Tuesday, February 21, 2012
Breakfast links: The cornerback market
By Dan Graziano
I link, therefore I am.
New York Giants
Ohm Youngmisuk of ESPNNewYork.com is breaking down his postseason Giants grades and expanding on them position-by-position. His first one is on quarterback, and as you may have guessed, Eli Manning gets an extremely good grade.
Big Blue View is also going position-by-position as it looks ahead to free agency. This edition of "strut 'em or cut 'em" is on wide receivers, specifically Mario Manningham, Domenik Hixon and Devin Thomas.
Nick Fierro breaks down the DeSean Jackson situation and presses the point that the Eagles never pay anyone a dollar more than they believe him to be worth. This would seem to indicate that, even if they franchise Jackson, they would look to trade him or (less likely) do a new deal that would allow them to pay him less than the franchise number in 2012.
With the NFL scouting combine looming later this week, Jonathan Tamari writes that the Eagles rely much more on a player's college game film than anything they see at the combine. GM Howie Roseman says the most important information the team learns about players in Indy is medical information.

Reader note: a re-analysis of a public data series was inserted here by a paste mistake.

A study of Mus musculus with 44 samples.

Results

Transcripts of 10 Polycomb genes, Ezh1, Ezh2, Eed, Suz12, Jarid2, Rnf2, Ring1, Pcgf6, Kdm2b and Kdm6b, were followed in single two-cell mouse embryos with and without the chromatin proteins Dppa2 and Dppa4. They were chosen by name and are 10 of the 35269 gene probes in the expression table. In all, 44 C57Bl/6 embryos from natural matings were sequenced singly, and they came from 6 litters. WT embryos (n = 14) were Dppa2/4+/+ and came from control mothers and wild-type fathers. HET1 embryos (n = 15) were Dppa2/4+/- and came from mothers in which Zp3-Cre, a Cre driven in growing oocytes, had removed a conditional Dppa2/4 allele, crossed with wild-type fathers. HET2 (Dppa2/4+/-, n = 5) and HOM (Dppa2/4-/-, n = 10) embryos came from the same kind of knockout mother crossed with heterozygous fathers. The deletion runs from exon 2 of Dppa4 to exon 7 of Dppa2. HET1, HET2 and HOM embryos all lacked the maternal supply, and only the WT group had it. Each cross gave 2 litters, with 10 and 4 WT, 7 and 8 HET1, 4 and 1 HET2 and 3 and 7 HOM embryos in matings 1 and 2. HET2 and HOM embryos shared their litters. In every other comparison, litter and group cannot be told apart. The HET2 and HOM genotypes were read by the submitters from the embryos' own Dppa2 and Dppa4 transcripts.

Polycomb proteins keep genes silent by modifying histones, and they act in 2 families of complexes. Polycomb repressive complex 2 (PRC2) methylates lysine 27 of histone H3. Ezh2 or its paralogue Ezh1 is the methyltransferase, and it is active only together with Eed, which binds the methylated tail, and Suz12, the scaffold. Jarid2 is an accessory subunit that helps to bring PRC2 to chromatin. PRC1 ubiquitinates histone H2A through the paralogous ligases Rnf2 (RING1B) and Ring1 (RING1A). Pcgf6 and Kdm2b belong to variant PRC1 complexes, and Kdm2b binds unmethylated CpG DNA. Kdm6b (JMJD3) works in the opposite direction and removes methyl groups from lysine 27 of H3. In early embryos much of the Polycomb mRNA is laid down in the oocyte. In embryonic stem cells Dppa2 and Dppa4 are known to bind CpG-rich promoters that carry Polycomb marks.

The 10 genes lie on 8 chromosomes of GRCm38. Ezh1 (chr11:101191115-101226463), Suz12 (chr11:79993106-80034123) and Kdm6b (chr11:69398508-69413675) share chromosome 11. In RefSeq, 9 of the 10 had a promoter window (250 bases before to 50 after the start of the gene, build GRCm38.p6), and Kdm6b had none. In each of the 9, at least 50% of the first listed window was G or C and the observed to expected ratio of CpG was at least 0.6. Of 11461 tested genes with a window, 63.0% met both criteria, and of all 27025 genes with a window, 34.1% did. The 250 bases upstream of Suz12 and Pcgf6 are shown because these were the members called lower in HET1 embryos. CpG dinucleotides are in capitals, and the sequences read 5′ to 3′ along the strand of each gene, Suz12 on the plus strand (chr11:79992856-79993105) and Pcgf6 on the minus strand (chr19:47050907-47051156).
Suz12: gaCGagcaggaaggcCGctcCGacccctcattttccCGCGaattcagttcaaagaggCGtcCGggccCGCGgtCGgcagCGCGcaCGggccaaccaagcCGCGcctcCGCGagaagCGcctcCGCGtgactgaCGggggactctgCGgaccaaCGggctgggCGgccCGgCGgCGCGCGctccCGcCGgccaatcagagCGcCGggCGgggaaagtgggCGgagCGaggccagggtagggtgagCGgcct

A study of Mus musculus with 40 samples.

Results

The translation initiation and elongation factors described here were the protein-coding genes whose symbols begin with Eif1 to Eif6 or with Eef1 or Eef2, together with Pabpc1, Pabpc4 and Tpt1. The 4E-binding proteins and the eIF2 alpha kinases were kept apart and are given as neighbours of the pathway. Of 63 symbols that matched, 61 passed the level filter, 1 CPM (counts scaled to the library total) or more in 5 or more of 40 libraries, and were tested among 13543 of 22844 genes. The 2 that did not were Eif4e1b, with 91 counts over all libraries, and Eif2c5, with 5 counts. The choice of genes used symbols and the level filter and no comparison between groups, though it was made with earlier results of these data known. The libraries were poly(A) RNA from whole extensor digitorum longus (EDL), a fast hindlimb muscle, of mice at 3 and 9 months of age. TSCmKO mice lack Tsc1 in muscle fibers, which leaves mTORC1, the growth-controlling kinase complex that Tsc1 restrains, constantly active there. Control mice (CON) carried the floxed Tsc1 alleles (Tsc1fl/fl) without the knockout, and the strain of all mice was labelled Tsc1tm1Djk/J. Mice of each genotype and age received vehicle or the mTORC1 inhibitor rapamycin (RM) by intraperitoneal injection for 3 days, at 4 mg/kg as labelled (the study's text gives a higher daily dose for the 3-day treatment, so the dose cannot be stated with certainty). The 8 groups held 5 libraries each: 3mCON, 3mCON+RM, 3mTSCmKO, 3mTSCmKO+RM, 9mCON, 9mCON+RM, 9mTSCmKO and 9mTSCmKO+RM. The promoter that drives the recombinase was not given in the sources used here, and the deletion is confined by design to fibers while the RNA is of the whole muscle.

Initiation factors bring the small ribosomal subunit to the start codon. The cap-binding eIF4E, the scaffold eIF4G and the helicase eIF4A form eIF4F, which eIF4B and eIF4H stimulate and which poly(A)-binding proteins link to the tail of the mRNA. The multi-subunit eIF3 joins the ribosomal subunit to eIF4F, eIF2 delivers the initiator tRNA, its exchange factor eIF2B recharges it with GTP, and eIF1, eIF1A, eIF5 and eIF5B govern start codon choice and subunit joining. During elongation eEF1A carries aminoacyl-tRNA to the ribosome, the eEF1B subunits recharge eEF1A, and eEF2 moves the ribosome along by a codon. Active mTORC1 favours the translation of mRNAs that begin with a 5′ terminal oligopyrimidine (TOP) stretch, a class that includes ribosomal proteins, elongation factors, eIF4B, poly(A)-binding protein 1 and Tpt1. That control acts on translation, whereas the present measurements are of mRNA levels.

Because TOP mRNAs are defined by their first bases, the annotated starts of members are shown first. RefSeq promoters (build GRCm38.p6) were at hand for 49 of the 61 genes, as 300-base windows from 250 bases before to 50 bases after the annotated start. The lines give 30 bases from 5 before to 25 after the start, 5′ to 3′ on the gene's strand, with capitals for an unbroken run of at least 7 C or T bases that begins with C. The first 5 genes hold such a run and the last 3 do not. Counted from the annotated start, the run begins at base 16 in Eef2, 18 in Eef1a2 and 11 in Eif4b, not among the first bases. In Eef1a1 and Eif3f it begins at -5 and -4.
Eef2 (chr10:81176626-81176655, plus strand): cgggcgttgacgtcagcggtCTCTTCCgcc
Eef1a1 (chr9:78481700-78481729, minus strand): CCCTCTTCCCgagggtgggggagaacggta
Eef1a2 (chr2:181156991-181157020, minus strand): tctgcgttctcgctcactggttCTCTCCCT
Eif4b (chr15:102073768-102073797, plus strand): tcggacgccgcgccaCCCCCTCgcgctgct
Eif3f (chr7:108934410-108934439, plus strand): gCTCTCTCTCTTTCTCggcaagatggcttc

In light of Jason Hatcher's comments last week about the Cowboys lacking leadership, Calvin Watkins outlines some examples from the past year in which several players on the Cowboys' roster showed plenty of leadership, albeit in ways more quiet than those for which Hatcher's example, Ray Lewis, is known.
The Cowboys had some interest in cornerback Stanford Routt, but not as much as some other teams did, and Routt signed Monday with the Chiefs. What this means, however, is that the Chiefs are likely to let talented 25-year-old cornerback Brandon Carr leave via free agency, and that adds Carr to the mix of available cornerbacks for the Cowboys to target. Carr is better than Routt, but with star wide receiver Dwayne Bowe still to worry about, the Chiefs appear to have decided to go with a cheaper option.
Redskins GM Bruce Allen says the team has "a game plan" for what to do about quarterback this offseason, which is good to know. He doesn't say what that game plan is, which is no fun at all, but he clearly indicates that the team is pursuing several different options and is poised to change the plan depending on outside circumstances, what other teams do, etc. This is kind of the point I've been trying to make. For example, say their top choice is to trade up to the No. 2 pick for Robert Griffin III but someone else beats them to it. They need to be exploring options such as Peyton Manning, Kyle Orton, etc. just in case. I know we're all supposed to be dealing in absolutes in sports these days, but intelligent people who run their franchises intelligently can't afford to operate like that.
Mike Jones looks at the decision the Redskins face on whether to franchise tight end Fred Davis or safety LaRon Landry. I don't bet, but if I did, I'd bet heavy on Davis here. Landry's health questions have become too significant to allow the Redskins to invest guaranteed money in him -- even for one more year. The tight end number is low, and they have reason to believe Davis will be on his best behavior in the wake of his drug suspension.